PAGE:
Gardening dos and don’ts for Calgary’s early snowfall

While some gardeners rush to put their patches to bed with another fall snowstorm lurking, others are using a few tricks to keep their gardens blooming and ready for spring.

Kath Smyth, a horticulturist with the Calgary Horticultural Society, says a lot of the plants buried under the snow will end up being just fine for harvesting.

“Gardeners are optimists. We’re not pessimistic about it. We give everything a chance, and there’s always next year,” said Smyth.

She explains that once the warning of snow came in September, she put a frost cloth on her garden bed, which saved a lot of her vegetables.

Smyth is getting ready to plant seeds for spring once the snow melts. (Monty Kruger/CBC)

“It came through the storm just fine and the leaves are still fine,” she said about her kale. “We’ll leave it covered and we will pick it probably for the next two to three weeks and enjoy the bounty of this garden.”

Smyth says once the snow melts and the ground is muddy, it’s a perfect time to plant seeds for spring.

“One of the things that I look forward to as soon as the snow melts is I can happily tread in the muddy thing that is my garden.… It’s a great time to still do that kind of planting,” she said.

Smyth says gardeners should leave some vegetables covered through frosts. (Monty Kruger/CBC)

Winter gardening tips

Smyth says the following vegetables and flowers can be planted this winter season and will not be affected by frost and snow.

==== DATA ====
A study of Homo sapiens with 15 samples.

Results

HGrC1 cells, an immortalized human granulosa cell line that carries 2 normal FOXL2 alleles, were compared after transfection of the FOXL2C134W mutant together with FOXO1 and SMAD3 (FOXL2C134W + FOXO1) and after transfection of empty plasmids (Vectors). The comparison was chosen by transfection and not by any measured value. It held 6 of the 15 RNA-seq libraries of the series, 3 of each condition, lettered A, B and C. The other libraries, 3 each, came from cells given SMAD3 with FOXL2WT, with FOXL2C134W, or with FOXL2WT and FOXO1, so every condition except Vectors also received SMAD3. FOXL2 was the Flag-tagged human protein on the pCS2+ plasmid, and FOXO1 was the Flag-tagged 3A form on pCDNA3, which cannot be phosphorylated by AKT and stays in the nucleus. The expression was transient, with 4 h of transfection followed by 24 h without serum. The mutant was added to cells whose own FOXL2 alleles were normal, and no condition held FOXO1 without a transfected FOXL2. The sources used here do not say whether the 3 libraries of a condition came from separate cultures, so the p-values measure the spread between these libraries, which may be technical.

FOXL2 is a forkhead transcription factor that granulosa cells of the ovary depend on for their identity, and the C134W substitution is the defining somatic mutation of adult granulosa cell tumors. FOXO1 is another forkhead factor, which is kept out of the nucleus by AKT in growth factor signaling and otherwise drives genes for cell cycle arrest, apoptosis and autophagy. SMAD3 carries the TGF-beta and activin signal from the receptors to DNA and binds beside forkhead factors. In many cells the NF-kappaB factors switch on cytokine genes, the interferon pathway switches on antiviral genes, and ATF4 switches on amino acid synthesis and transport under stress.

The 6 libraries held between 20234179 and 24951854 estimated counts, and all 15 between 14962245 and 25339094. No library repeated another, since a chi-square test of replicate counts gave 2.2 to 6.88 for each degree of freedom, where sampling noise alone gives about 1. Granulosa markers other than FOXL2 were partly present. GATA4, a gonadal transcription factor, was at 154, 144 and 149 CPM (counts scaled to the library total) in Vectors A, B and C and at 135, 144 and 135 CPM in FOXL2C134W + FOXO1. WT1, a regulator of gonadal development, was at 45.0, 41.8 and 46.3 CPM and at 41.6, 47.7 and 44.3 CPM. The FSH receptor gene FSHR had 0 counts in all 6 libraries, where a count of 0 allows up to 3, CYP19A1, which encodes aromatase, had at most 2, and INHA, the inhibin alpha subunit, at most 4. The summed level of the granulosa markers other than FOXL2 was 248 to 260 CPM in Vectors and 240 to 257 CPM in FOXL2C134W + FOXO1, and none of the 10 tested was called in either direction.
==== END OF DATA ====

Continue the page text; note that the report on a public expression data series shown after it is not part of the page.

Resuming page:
• Garlic and flower bulbs can be planted once the snow melts and the ground is muddy.
  • Spinach is frost tolerant so planting seeds now means you’ll have baby spinach by April.
  • If you plant kale seeds, make sure to maintain the moisture in the ground and it, too, will be ready for spring.

She says others that are already planted — like parsley, strawberries and lettuce — will continue to grow and thrive in the winter months.

“I was watching to see how the strawberries did in the cold, and because they’re an evergreen and keep growing, with protection they’re fine,” she said.

For carrots, Smyth clears the snow away and gently pulls them from the ground. (Monty Kruger/CBC)

Her carrots will also keep growing, and, in fact, be much sweeter in taste.

“A little bit of frost makes more sugar in the carrot and it makes it sweeter,” she explained.

She says every winter gardener should have the goal of going into spring with “clean” plants. 

“Prune your perennials back and get them so the wind doesn’t break them up,” she said.

“You don’t want a lot of stuff going on that’s going to break the branches or cause disease or insects to gather.”